08-01-2018
Summary:
Lack of information on unique diseases has led to research on human components associated with disease defense such as the major histocompatibility complex (MHC), also known as the human leukocyte antigen (HLA). This genetic complex produces three classes of MHC receptors in humans, MHC/HLA I, II, and III, located on the cell membrane. MHC is a highly polymorphic gene complex with high linkage disequilibrium. Molecular changes and mutations on units of the MHC increase susceptibility for disease. These findings led to procedures which purposely induced changes on the MHC to prove its association with disease susceptibility. Analyzing and sequencing the genome of the HLA gene region is an important part of understanding the MCH, but sequencing can be difficult due to its high polymorphism trait. These issues led to faster, more efficient, and cheaper methods for sequencing not just the HLA but any gene region. Technology such as mass spectrometry is also facilitating characterization of HLAs, and finding disease correlations. With these advances in technology, a source for various diseases can be found.
Title: Human Leukocyte Antigens and Their Correlation to Disease.
Robin Willoughby, Ph.D., Editor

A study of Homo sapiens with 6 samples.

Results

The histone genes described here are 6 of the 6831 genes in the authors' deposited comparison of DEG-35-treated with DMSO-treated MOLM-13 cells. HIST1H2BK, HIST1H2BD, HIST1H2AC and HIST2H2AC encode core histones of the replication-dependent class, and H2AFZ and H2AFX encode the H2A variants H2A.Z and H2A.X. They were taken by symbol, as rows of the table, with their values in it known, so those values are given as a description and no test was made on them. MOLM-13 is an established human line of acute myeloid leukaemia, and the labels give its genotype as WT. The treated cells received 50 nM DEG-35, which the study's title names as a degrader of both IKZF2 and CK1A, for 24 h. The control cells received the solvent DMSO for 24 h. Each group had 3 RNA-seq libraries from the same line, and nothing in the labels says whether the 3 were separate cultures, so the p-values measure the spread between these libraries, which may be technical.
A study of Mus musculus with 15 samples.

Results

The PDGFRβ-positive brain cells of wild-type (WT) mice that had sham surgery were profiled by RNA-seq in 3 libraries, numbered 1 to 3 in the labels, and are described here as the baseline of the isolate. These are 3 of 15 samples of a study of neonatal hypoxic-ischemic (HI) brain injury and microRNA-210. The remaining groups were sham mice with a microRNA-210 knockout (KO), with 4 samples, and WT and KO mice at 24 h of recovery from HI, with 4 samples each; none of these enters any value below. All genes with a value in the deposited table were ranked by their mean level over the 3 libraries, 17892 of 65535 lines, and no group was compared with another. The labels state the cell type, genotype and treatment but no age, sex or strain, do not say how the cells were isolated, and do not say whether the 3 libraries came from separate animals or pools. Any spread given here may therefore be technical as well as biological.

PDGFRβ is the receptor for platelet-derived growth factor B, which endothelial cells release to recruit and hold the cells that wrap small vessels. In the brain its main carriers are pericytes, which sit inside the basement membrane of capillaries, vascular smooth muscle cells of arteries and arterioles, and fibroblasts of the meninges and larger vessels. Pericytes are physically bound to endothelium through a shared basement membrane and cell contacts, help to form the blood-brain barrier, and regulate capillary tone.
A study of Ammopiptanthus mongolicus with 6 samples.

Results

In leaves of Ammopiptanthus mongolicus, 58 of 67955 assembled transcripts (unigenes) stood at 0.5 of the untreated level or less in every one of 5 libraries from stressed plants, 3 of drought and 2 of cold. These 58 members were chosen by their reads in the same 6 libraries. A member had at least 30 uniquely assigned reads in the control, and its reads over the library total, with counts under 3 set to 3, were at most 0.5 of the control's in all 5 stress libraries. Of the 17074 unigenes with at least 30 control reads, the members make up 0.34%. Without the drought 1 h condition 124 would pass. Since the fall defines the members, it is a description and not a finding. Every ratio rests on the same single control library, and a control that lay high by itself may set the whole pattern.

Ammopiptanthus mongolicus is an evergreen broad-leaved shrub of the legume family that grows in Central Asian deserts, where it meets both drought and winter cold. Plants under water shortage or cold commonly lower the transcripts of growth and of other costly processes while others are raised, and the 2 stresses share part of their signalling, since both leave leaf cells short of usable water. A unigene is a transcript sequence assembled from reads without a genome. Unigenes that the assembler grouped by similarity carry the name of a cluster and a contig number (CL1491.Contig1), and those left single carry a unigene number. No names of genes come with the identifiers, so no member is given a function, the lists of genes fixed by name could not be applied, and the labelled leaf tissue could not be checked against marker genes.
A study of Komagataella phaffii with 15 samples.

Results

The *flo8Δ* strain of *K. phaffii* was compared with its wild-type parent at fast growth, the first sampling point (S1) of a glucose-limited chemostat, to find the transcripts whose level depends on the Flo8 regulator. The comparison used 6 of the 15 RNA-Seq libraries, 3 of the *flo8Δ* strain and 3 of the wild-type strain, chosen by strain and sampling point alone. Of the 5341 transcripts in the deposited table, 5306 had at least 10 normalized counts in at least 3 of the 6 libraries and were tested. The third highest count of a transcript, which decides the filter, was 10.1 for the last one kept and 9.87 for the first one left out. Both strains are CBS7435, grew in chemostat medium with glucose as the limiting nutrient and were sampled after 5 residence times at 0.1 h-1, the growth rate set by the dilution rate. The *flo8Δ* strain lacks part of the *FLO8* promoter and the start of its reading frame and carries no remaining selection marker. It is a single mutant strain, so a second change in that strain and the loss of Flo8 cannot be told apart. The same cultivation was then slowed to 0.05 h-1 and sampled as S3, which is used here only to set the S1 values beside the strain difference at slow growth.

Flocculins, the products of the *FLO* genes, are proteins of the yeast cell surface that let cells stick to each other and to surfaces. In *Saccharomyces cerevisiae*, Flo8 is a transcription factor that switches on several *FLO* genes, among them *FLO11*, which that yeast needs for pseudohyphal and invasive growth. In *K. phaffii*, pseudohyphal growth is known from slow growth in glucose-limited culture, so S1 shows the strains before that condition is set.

Type of Resource: text
Issuance: serial
Frequency: Semiannual
Date Issued: 08-01-2018
Publisher: IRSC Department of Biological Sciences
Extent: Review Article
Summary: Lack of information on unique diseases has led to research on human components associated with disease defense such as the major histocompatibility complex (MHC), also known as the human leukocyte antigen (HLA). This genetic complex produces three classes of MHC receptors in humans, MHC/HLA I, II, and III, located on the cell membrane. MHC is a highly polymorphic gene complex with high linkage disequilibrium. Molecular changes and mutations on units of the MHC increase susceptibility for disease. These findings led to procedures which purposely induced changes on the MHC to prove its association with disease susceptibility. Analyzing and sequencing the genome of the HLA gene region is an important part of understanding the MCH, but sequencing can be difficult due to its high polymorphism trait. These issues led to faster, more efficient, and cheaper methods for sequencing not just the HLA but any gene region. Technology such as mass spectrometry is also facilitating characterization of HLAs, and finding disease correlations. With these advances in technology, a source for various diseases can be found.
Identifier: irsc_s_b_p0003 (IID)
Subject(s): Biology--Research
HLA histocompatibility antigens
Reviews
Held by: Indian River State College
Persistent Link to This Record: http://purl.flvc.org/irsc/fd/irsc_student_biology-proceedings0003
Host Institution: IRSC
Has Part: Volume 1. Proceedings of the IRSC Department of Biological Sciences.